Last Saturday, I went to meet a student. I shared with her how hard it is for me to celebrate birthdays and holidays because they remind me of how I should be the other 364 days in the year. Examples I gave included Christmas, Thanksgiving, and New Year’s Day. I then proceeded to ask what she thought about this. “Good question.”
I thought so too because it’s been what has triggered my Scrooge mentality for years.
Then, she said, “but on days like Thanksgiving, I think we can be more thankful.” Okay… I hadn’t heard that before, or at least I hadn’t been willing to hear it. The more I chewed on this conclusion, the harder it was to forget. I couldn’t let those words go. The following day’s (Sunday) afternoon was when the excitement and joy hit me. In my heart, I realized what I had been doing for years was hurting the relationships I have with people. Why? Because I wasn’t looking into others’ love languages. I was being selfish and not thinking about the joy that others could be experiencing with gifts, time together, etc.
The thoughts continued to flood in… I could have been and still could be giving people joy, smiles and laughs. I really want to bless others and make them feel special regardless of whether it’s a birthday, holiday, or whatever it is. Not too long after this, I called a few Chinese co-workers/friends to see if they would like to decorate the office. They happily agreed, and an hour later (after dinner, of course), we were at work in our office on a Sunday night. There was a joy, a spirit, a freedom (if I may say) in the air and in my heart.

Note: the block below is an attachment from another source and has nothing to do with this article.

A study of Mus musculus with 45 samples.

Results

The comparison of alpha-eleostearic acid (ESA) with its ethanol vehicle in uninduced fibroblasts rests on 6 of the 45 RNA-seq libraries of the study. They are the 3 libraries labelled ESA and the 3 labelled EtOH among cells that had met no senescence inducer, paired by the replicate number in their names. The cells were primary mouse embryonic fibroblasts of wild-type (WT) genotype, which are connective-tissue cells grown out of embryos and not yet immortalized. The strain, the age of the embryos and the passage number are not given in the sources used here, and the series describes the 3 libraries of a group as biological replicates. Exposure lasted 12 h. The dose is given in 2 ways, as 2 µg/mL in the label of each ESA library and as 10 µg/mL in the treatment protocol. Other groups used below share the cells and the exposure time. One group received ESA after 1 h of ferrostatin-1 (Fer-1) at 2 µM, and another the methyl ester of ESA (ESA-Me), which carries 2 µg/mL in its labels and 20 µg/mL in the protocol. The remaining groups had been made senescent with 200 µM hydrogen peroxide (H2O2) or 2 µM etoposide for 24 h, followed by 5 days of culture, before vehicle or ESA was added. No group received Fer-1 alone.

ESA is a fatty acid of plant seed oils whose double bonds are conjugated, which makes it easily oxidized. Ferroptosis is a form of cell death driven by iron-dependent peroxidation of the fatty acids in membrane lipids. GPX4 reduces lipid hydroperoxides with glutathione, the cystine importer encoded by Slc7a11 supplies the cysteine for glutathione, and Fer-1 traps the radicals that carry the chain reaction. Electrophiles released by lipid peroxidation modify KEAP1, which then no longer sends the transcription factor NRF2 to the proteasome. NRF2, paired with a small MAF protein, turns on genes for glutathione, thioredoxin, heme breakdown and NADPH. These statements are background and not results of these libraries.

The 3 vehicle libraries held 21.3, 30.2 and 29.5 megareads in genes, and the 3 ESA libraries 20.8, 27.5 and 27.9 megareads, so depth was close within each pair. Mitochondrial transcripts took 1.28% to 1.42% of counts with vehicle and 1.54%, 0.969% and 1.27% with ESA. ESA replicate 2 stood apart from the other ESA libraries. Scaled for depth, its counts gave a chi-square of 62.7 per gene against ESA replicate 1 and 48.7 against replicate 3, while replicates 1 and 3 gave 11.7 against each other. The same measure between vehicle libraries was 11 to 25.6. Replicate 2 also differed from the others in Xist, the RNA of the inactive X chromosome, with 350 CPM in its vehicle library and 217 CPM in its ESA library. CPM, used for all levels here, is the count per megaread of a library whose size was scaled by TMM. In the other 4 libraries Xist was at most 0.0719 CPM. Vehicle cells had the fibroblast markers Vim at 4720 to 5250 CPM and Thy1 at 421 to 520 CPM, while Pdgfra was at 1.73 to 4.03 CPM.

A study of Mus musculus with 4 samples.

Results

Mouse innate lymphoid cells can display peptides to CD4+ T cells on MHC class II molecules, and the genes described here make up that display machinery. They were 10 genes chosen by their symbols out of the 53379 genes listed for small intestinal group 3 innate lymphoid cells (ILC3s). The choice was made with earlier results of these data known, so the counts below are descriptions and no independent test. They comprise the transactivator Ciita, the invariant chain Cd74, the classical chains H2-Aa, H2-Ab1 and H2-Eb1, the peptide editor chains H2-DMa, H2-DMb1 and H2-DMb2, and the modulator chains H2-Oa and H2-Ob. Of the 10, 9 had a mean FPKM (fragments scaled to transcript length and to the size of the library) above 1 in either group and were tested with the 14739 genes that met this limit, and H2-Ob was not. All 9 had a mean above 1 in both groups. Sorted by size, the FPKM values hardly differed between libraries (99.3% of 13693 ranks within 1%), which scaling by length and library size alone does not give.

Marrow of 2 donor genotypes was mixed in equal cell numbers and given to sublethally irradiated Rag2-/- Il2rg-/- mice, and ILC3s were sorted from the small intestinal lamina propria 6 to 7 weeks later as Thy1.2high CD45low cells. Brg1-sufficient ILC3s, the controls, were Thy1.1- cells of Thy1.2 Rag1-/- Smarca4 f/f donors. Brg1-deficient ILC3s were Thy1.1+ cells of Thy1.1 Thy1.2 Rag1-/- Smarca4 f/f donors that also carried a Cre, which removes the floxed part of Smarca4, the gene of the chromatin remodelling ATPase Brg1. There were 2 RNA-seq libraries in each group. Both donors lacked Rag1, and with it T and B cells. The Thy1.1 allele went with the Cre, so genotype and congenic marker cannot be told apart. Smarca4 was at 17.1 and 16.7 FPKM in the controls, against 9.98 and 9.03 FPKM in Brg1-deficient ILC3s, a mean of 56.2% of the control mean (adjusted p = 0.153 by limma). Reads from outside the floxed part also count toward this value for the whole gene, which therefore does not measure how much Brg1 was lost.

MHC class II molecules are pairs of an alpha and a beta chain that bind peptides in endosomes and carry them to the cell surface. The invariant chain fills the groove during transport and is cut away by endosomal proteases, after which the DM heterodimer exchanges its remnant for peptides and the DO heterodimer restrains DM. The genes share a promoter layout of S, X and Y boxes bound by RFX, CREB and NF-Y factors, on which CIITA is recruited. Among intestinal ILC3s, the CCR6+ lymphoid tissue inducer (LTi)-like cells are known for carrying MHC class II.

At least a couple times recently, a student has said something to me that was 180 degrees from what I thought, but what they said proved to change me for the better.
The other moment came when the same 5th grade student and I were talking about technology. I asked her if she preferred technology or the whiteboard, thinking that technology would be the choice. “Both are okay.” I couldn’t shake those words off either. I was for sure that the iPad would override the writing notebook. It didn’t help that, at that time, my marriage wasn’t doing too well because of my technology use. Little did I know that an 11-year-old would be my counselor and guide.
[Thank You, God, for the strange ways you work in and through children. They are wonderful teachers, most of the time, better teachers because of the personal and profound ways they strike my heart.]
Needless to say, since decorating the office, I’ve played more Christmas music in the last two days than I think I have in the last two years combined. (Thank you, NSYNC and Plus One for fantastic albums!) I have bought gifts for my students and others, more than the recent years combined. I’ve smiled and laughed more at this time of year than I have the past few years.
Do I say this to brag? No. Do I say this to force you to go out and buy things for people? No. What I do say all of this for is to again look outside of yourself. Get to know those around you, and bless them since you’ve been blessed. Share joy, smiles, memories and laughs together. As my student put it so well, “I think we can be more” this holiday season. You fill in the blank. What I do recommend is that it be a positive feeling that won’t hurt you emotionally. And lastly, I urge you as you read this to look into the life of the Savior who came down for us. Your life won’t be the same, especially if they’re are children in it.